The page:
Marcel Kittel: No pressure on me at the Tour of Britain

German sprinter says that he is relaxed having achieved his season's big goals.

Marcel Kittel wins stage three of the 2014 Tour de France. Credit: Watson
(Image credit: Graham Watson)

Marcel Kittel is not feeling any burden of expectation ahead of his duel with Mark Cavendish in the Tour of Britain’s sprint stages.

The Giant-Shimano powerhouse won four stages of this year’s Tour de France but was denied a battle with Cavendish who crashed out on stage one.

The pair shook hands backstage at Saturday's team presentation, and Kittel admitted that , with the season soon reaching its climax, he is not placing any pressure on himself to edge out the Manxman in Cavendish's home race, which starts with a circuit race around Liverpool on Sunday afternoon.

Don’t expect the German to go lightly on his rival, though. “I’m looking forward to race against Cav again, but as I’ve said before, it’s not in my character to put too much pressure on myself now,” he said.

“The biggest highlight of the calendar, the Tour de France, is over. The tension is not as high anymore.

“It would be nice to end on a high. I’m looking for victories and if there is a possibility I would like to get some.

“I can have a nice time here on the bike and I would like to do some sprinting.”

Kittel admits to not having scouted the stages. “The first two stages are normally sprints and also the last stage. In between I have no idea how hard it will be but I guess it will not be easy,” he added.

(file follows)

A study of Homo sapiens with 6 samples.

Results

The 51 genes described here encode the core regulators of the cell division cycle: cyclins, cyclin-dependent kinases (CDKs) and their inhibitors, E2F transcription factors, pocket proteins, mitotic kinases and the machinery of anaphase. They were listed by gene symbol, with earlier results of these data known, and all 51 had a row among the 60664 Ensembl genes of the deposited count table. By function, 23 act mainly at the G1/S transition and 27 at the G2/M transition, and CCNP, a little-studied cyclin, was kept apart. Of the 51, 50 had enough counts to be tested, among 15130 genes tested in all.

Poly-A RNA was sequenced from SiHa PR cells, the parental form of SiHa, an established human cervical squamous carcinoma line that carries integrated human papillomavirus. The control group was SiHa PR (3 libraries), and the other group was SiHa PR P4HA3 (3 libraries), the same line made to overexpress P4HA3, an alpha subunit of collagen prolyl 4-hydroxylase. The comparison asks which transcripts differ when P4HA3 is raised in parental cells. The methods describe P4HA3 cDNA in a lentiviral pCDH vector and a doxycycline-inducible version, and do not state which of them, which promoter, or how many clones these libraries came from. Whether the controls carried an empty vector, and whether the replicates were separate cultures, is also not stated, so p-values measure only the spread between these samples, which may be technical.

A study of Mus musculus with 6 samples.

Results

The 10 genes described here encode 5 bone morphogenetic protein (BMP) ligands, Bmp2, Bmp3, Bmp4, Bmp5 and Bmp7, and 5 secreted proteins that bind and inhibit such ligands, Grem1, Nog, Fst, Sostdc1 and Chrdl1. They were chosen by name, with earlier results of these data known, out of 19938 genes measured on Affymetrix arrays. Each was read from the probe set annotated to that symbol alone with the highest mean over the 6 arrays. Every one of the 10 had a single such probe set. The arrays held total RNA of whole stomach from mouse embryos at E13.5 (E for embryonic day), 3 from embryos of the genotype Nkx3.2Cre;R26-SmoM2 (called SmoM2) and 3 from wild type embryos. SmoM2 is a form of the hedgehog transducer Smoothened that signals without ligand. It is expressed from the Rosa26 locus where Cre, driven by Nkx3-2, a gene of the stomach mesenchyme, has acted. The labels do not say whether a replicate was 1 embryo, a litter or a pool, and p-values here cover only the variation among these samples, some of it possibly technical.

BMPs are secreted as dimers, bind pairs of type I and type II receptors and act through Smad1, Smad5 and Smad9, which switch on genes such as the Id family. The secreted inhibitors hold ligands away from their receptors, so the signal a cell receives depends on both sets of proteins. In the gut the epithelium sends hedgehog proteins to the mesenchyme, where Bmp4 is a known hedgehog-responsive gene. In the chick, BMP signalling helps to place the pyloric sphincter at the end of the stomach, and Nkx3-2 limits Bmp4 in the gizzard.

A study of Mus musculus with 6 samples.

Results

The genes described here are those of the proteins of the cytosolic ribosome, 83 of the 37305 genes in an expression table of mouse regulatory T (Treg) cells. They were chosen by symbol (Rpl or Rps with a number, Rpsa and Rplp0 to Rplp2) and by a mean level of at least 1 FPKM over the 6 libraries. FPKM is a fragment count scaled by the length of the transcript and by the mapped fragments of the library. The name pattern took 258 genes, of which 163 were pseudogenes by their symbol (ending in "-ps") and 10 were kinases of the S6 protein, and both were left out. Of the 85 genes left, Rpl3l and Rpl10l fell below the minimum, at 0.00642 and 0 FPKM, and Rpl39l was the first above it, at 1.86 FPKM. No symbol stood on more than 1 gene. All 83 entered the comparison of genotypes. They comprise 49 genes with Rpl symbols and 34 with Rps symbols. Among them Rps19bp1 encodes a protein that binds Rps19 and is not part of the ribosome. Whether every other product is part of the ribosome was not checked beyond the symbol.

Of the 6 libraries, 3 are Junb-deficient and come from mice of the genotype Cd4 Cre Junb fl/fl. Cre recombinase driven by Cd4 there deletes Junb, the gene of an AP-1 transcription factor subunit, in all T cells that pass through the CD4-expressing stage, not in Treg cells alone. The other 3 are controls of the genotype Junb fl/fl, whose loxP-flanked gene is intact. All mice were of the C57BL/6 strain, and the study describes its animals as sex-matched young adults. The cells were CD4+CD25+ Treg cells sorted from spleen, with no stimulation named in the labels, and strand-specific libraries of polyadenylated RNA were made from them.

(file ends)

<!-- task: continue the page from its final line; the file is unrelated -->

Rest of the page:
Conversations with fellow riders have whetted his excitement for the week ahead: “It’s only my second time in Great Britain so it is already special for me.

“I’m looking forward to the race. I’ve talked to some other guys who have already experienced the race and they were all full of positive words.”

Marcel Kittel ready for Tour of Britain assault


Chris first started writing for Cycling Weekly in 2013 on work experience and has since become a regular name in the magazine and on the website. Reporting from races, long interviews with riders from the peloton and riding features drive his love of writing about all things two wheels.

Probably a bit too obsessed with mountains, he was previously found playing and guiding in the Canadian Rockies, and now mostly lives in the Val d’Aran in the Spanish Pyrenees where he’s a ski instructor in the winter and cycling guide in the summer. He almost certainly holds the record for the most number of interviews conducted from snowy mountains.